All Cheerleaders Die (USA) is the follow up to Lucky McKee’s attention-grabbing The Woman (2011), which stunned Sundance audiences with both its subversive take on gender issues and its violent brutality.
Taking a much lighter tone with co-director Chris Sivertson, Cheerleaders (an expanded remake of his 2001 short by the same name) nicely echoes the ironic horror-comedy vibe of Joss Whedon’s Cabin in the Woods (2012) while still managing to deliver a genre entry for text-crazed teenyboppers. Goths, jocks, some faux feminism, and a bevy of ass and crotch shots should make fans of Harmony Korine’s Spring Breakers quite satisfied.
In the 1990s, Tsai Ming-liang’s films were often mentioned alongside works by Hirokazu Kore-eda and Hou Hsiao-hsien. But two decades later, only Tsai has stayed the determined course of creating pure, contemplative cinema. Presenting his tenth feature (and showcasing yet again his alter ego, actor Lee Kang-sheng), Stray Dogs (Taiwan) is a breathtaking meditation on a homeless Taiwanese family, who are quietly doing what they can to get by.
With this film, Tsai has almost abandoned story completely, instead favoring long, drawn-out, surreal, one-shot sequences — next-level abstractness that will either send you running for the hills or leave you unblinkingly glued to the screen. Someone should program Stray Dogs with his 2012 short Sleepwalk, which followed a monk as he slowly walked through city streets. (Whether that would equal absolute transcendence or absolute boredom depends on the viewer, of course.)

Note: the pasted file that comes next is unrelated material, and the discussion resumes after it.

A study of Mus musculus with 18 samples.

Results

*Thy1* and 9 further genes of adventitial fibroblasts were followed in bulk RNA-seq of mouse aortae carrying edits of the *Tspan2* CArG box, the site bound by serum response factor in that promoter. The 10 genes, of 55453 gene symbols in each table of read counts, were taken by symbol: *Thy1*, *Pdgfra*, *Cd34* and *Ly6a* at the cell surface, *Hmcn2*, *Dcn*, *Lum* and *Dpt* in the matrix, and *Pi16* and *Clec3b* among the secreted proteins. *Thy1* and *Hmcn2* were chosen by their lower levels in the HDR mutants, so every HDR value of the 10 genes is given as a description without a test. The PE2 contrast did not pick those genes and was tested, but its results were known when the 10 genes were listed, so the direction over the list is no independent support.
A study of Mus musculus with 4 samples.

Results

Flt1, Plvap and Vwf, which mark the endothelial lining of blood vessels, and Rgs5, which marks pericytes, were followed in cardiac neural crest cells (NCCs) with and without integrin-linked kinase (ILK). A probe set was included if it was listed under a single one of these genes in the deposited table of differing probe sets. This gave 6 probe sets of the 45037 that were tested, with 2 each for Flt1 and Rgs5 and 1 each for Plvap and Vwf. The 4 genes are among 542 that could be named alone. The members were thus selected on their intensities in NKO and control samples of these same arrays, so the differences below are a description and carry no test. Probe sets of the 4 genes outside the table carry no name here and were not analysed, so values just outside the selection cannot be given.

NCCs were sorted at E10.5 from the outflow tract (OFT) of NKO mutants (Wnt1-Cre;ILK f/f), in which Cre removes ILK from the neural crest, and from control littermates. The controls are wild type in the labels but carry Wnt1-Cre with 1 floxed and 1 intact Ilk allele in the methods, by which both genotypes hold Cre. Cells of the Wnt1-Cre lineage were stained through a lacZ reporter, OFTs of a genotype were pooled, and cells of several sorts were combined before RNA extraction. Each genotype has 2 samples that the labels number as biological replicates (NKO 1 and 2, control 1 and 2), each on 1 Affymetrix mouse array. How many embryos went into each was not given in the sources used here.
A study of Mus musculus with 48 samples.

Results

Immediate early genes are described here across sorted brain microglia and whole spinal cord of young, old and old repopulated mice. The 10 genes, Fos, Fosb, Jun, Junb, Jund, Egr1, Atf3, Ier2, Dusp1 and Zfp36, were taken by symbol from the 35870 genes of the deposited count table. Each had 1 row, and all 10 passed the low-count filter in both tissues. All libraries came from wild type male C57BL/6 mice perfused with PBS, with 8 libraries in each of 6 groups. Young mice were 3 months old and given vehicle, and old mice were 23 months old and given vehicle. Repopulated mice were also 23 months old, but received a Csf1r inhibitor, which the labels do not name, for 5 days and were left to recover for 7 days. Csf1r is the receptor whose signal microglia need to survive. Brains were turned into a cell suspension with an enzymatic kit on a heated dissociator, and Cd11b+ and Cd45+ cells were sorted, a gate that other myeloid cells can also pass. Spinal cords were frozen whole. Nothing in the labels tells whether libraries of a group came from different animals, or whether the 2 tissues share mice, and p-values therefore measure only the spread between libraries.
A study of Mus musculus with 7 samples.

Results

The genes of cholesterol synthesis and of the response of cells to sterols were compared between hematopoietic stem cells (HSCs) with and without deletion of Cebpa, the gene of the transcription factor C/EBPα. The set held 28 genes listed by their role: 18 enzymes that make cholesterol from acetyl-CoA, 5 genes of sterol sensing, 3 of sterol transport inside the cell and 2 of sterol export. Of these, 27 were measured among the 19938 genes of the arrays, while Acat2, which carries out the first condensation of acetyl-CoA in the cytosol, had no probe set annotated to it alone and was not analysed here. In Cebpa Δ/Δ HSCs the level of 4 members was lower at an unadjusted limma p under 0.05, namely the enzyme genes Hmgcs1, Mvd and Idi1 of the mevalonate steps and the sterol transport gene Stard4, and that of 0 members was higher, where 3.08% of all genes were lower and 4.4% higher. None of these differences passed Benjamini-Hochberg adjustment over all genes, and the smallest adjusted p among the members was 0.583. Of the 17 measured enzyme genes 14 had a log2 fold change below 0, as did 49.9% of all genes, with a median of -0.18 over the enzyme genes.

While Hong Sang-soo’s Our Sunhi (South Korea) is not as monumentally enjoyable as last year’s In Another Country (2012), his new film does represent another solid entry for the director. I admire Hong’s ability to stay consistent with his philosophy on life: give a small group of people a lot of alcohol and let them share their innermost uncouth and irresponsible feelings. Of course, you could argue that he is just making the same film over and over. But if you take the time to notice the structural differences — as well as wonderful choices with his actors (Jung Yu-mi is quite enjoyable in this) — you’ll realize why critics love to favorably compare Hong to Woody Allen.
Watching director Catherine Breillat take the stage at TIFF to present her latest, Abuse of Weakness (France), was as powerful and moving as watching the film itself. After her 2004 stroke (and subsequent personal issues), Breillat decided to make an autobiographical narrative, casting the great Isabelle Huppert to interpret Breillat’s own confused choices.
Abuse of Weakness is perhaps one of the most interesting films about the life of an artist I have ever seen. As the Q&A was concluding, Breillat dropped a bottle of water that was given to her and explained “Even after all these years, you forget that you can’t feel anything in your arm.” And suddenly it was if you were right back in the film again.